Buses were once only for the wealthy
By Jonathan Beatima and Feride Aydin - Staff Reporters
Buses are often viewed these days as transportation for the less affluent, but originally hopping on a bus was the privilege of the rich, a Highline professor explained April 24.
Economics and statistics professor James Peyton spoke at History Seminar about the transformation of civilization's original mass transit and how it is not a new idea.
The light rail coming in 2024 to Highline College is part of just the latest attempt to keep people moving efficiently.
The History Seminar is a weekly event at which Highline faculty, staff or guests speak on various topics of interest.
Peyton outlined this history of mass transit and how it ultimately led up to the light rail.
He defined urban mass transit to have the following characteristics: multiple people, fixed routes, set fares, passenger boarding and disembarking at different locations, predictable schedules, lots of people going to concentrated locations, longer than walk- able distances, and a differentiated economy.
In his research, he found that the first occurrence of mass transit was a service provided by a French bathhouse in 1826.
The owners created the omnibus, a wagon designed to hold 16 to 18 people.
This wagon was pulled by three horses and had a wide wheelbase to prevent it from overturning.
They would have a shuttle to take their customers from a set location to the bathhouse. The problem was, people would take the shuttle and get off at different places before reaching the bathhouse.
Paris adopted this idea in 1827 for the sole purpose of transportation.
By the year 1829, omnibuses were appearing in Berlin, Sydney, Toronto, Shanghai, and New York.
In 1833, John Mason introduced the world to the horse car in Lower Manhattan.
The horse car was a combination of the omnibus and a rail system. The advantage of this was less horsepower, smoother rides, and the ability to transport more people. By 1860, 36 million New Yorkers were riding horse cars yearly.
In 1889, Frank Osgood introduced electric streetcars in Seattle. In 1918, the city of Seattle bought all the streetcar lines and by 1936 owned 410 streetcars with 231 miles of track.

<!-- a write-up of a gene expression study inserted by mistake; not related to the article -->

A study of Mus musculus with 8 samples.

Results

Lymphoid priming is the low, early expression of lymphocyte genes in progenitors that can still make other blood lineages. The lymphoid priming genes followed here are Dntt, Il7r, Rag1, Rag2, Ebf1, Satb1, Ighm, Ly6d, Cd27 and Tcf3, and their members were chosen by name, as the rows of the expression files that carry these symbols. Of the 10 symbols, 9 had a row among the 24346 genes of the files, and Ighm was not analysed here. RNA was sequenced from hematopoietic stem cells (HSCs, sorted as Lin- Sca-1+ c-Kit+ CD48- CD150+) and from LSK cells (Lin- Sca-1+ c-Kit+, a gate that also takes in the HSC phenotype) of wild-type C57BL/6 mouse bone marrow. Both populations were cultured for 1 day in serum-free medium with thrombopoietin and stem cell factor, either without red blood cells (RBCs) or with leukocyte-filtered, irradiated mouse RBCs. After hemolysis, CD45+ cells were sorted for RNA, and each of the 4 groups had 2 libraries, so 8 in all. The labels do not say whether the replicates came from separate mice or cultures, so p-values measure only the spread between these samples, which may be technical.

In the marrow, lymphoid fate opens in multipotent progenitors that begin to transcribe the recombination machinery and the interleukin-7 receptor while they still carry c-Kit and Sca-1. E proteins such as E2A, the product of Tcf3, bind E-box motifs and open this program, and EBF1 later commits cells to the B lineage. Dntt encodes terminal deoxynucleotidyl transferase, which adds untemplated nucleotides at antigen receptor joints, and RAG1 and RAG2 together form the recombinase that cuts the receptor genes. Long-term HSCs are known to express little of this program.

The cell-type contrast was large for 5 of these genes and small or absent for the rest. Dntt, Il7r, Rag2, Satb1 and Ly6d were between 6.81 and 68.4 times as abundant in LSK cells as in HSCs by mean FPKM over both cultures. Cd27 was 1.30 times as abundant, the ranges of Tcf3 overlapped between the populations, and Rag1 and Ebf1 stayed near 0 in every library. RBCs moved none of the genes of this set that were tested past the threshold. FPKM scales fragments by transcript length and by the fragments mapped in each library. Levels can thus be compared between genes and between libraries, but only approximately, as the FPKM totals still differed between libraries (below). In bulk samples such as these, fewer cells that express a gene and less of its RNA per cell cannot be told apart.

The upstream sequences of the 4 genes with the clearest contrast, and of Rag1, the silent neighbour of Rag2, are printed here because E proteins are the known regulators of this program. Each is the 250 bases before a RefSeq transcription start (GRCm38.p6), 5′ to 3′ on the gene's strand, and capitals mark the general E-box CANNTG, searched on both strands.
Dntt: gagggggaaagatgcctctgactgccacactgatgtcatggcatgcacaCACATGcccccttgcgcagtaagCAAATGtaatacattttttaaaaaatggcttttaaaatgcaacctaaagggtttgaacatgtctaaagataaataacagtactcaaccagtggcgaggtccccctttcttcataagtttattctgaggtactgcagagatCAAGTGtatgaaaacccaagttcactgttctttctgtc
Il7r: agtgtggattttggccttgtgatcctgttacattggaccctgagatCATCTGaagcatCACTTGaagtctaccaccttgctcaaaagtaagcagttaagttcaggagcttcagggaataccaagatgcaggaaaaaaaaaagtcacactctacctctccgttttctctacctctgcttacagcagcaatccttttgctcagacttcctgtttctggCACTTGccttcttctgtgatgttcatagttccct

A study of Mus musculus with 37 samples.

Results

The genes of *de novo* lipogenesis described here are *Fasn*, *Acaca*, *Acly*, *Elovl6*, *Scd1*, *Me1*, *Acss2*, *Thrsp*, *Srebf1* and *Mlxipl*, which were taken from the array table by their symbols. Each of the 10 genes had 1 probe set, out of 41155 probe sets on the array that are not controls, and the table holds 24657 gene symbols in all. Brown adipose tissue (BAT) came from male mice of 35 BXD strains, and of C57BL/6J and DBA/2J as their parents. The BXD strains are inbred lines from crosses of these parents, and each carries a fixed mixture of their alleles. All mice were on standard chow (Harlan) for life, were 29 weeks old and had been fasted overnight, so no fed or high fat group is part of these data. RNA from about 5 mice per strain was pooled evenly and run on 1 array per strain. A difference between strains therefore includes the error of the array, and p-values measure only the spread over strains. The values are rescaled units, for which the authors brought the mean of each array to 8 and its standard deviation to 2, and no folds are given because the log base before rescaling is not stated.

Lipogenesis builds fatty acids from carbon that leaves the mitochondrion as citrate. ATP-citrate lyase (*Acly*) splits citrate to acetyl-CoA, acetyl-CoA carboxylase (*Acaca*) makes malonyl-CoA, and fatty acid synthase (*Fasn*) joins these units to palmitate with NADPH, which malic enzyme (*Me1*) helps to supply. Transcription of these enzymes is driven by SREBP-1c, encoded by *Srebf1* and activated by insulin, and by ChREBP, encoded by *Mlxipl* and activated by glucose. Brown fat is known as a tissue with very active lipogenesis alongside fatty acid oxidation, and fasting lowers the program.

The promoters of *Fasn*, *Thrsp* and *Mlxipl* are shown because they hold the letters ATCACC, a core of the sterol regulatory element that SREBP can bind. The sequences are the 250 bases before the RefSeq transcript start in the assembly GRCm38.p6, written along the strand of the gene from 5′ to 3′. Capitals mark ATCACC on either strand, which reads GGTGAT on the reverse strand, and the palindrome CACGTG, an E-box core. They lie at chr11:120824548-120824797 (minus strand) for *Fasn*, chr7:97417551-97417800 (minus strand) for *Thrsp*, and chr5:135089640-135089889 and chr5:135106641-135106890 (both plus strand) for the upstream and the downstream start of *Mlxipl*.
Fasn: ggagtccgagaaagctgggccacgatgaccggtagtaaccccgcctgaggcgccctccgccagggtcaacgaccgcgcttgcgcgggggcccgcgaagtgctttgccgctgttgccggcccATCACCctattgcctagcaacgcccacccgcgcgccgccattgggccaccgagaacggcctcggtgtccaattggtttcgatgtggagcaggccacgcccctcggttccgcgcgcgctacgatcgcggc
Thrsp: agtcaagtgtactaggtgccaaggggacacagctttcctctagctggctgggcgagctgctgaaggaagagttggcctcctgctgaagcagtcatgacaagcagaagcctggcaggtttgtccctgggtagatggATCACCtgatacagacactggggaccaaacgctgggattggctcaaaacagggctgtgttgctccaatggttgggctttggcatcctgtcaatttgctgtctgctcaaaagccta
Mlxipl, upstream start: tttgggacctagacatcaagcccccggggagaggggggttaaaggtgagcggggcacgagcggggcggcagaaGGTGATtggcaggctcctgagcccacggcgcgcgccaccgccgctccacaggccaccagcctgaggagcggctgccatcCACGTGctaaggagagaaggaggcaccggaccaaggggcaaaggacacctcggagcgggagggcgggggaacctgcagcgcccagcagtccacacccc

Along the way came a version of today's internal combustion engine bus or motor bus, which allowed buses to operate independently.
It was during this time that the advent of the personal automobile switched the usage of the bus systems from something for the rich and changed the rider demographic to the lower classes.
By the mid 20th century, King County was predicted to have a population of 2 million.
This was due to an increase in job opportunities with major businesses growing such as Boeing.
The county had to plan for rapid transit.
James Ellis, a civic activist in the mid 20th century who was concerned about this growth and quality of life in the Seattle area, started the Forward Thrust movement. This movement sent 17 initiatives to King County voters.
In particular, the rapid transit bill required $385 million from regional taxpayers and $765 million through government through the Federal Mass Transit Act.
This proposal would've helped create 49 miles of track connecting Lake City, Renton, Seattle, and Bellevue.
However, the Rapid Transit ballot issue fell short of the supermajority of 60 percent needed to approve the funding for mass transit.
In 1996, Puget Sound voters approved the Sound Move Plan. This 10-year plan approved a budget of $3.9 billion for light rails, buses, and commuter rails.
It created 22 miles of track between the University of Washington and Seattle-Tacoma International Airport.
In 2016 a ballot initiative to expand the light rail was approved. Sound Transit's latest expansion of commuter rail, light rail, and buses is expected to cost at least $54 billion, expand the light rail track to 62 miles long, and will connect Everett, Tacoma, West Seattle, and Ballard.
The agency hopes to finish the project by 2041, Peyton said.
In 2018, the Sound Transit system had more than 48 million riders.